Psychotherapy

Research indicates that the therapeutic alliance (i.e., the trust between a therapist and client that allows them to work together effectively) is a major contributor to successful treatment outcomes (Orlinsky, Ronnestad, & Willutski, 2004), so it’s important for clients to find a therapist whose practice is a good “fit” for them. It’s not unusual for therapy styles to be as varied as the individual practitioners themselves, so clients may need to “shop around” in order to find a specific therapist whose treatment style is well-aligned with their goals and presenting concerns.

My treatment approach is based in lifespan developmental psychology and modeled after Cognitive Behavioral Therapy (CBT) and Functional Family Therapy (FFT). I view the therapeutic relationship as a collaborative process that requires time, commitment, and effort from both parties. Although I may have more training with assessment, diagnosis, and psychotherapy, my clients are the experts on themselves, their experiences, and their current circumstances. As my ultimate goal is to help clients define, plan, achieve, and maintain positive change in their lives, their active participation is the most crucial part of this process.

General Therapy Model

General Therapy Model

The above picture is a simplified illustration of the relationship between a person’s environment, thoughts, feelings, and behavior, as well as the amount of control that person is able to exert over each. These four categories comprise the major areas that I “target” with my clients in psychotherapy.

Environment and Feelings are outlined with dots because they will never be 100% within a person’s own control; there will always be surprises. A stressful environment and negative emotions can impact the way a person thinks and acts, leading to a “downward spiral.” That being said, there are countless skills a person can learn and use to make the impact of environment and feelings less disruptive, many of which involve modifying thoughts and behavior.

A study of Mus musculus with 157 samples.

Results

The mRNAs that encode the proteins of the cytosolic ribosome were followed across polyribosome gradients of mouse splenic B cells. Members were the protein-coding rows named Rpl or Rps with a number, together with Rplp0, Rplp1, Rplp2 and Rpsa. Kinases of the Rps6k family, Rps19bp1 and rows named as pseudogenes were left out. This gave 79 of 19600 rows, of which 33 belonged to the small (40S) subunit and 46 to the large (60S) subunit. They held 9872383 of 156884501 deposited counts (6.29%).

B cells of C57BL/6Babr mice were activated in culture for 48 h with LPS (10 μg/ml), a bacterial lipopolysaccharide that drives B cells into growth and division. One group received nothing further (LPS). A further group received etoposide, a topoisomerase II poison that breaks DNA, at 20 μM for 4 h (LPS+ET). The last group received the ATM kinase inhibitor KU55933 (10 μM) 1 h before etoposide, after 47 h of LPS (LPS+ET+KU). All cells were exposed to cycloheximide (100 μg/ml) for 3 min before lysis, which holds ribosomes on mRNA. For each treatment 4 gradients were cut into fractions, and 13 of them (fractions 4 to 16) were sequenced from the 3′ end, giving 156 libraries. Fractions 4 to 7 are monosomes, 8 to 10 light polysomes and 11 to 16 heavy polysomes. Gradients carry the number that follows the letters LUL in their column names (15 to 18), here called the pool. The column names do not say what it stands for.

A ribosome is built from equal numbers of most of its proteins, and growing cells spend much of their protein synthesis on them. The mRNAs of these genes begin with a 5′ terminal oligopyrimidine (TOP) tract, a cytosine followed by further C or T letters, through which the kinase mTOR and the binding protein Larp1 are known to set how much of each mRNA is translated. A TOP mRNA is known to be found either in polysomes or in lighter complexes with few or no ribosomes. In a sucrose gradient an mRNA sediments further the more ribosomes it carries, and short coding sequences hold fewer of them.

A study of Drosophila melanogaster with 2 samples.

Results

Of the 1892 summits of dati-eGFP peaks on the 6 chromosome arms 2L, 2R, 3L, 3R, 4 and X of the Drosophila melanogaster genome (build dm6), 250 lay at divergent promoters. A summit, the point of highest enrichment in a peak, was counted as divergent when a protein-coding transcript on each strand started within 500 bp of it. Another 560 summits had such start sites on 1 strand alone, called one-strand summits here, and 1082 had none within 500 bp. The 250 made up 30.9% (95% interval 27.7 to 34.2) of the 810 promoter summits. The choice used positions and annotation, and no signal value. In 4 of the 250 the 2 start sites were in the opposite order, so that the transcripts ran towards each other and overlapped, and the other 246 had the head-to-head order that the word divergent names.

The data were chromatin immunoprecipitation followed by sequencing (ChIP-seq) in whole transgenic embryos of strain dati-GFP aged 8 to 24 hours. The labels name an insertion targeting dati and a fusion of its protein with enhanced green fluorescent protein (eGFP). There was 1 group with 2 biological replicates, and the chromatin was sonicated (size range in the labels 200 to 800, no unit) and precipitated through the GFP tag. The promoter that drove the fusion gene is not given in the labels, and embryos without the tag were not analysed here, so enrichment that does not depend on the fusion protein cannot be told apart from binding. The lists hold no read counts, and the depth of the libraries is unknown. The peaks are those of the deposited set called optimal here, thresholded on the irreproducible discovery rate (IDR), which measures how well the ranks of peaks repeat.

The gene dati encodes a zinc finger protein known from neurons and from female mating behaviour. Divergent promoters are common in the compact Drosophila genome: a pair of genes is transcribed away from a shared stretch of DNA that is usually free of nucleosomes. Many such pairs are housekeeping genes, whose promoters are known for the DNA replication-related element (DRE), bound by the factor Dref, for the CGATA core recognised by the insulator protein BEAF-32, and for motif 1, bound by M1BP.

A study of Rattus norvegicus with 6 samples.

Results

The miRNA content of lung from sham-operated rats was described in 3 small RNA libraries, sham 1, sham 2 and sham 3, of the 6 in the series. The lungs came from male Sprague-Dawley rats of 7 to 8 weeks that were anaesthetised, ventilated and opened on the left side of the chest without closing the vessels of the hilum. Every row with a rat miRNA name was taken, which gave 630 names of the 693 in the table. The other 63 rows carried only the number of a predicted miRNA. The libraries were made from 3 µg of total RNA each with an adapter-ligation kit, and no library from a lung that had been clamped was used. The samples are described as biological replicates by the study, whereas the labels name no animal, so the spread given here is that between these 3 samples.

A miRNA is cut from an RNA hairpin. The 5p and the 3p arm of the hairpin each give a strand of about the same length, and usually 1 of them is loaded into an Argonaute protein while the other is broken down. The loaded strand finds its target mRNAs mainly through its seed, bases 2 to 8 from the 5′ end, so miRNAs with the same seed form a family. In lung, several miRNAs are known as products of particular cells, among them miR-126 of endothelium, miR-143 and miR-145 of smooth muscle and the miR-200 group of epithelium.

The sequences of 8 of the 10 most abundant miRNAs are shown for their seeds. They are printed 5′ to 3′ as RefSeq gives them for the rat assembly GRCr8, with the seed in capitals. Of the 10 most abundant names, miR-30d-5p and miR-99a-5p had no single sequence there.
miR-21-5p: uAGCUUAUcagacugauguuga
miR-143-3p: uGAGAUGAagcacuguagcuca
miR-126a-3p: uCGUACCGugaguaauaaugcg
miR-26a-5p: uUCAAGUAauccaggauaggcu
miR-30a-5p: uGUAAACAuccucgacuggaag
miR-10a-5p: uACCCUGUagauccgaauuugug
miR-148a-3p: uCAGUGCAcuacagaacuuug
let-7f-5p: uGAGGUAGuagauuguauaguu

Thoughts and Behavior are outlined with solid lines because, although it can seem hard to believe, these two components can absolutely be well within a person’s own control. We can’t always dictate what happens to us or the emotions we experience, but we can, with deliberate effort, be “in charge” of what we think and what we do. Taking conscious control of our thoughts and behavior can have a positive effect on our environment and feelings, preventing the downward spiral and leading to growth and development.

Phases of Therapy

My style of therapy is designed to move through 3 phases over the span of approximately 6-24 months. In addition to the individual achievements that my clients want to accomplish in therapy, each phase has specific goals:

Phase I: Investigation

The Investigation phase involves building rapport, applying clients’ specific circumstances to the general therapy model, identifying unique variables and patterns associated with presenting problems, and improving clients’ understanding of their emotional symptoms and experiences, as well as their ability to articulate them in a more precise and accurate way.

Phase 2: Intervention

During Intervention, clients learn specific techniques, skills, and strategies, both cognitive (e.g., thought stopping, bias labeling, reframes, reminders, etc.) and behavioral (e.g., communication training, assertiveness training, behavioral activation, graded task assignment, etc.). Clients then practice these skills as “homework” and therapy sessions focus on making adjustments as necessary to better adapt these practices for clients’ day-to-day living.

Phase 3: Integration

The final phase of therapy, Integration, focuses on preparing clients to transition out of therapy. With the reduction of initial symptoms and concerns through clients’ work in Phase 2, the new goal is to minimize the risk of relapse by increasing protective factors, broadening the scope of current coping skills, and linking clients with additional mental health resources if appropriate. Phase 3 should conclude with a formal termination session so that clients can reflect on their progress and achievements over the course of therapy.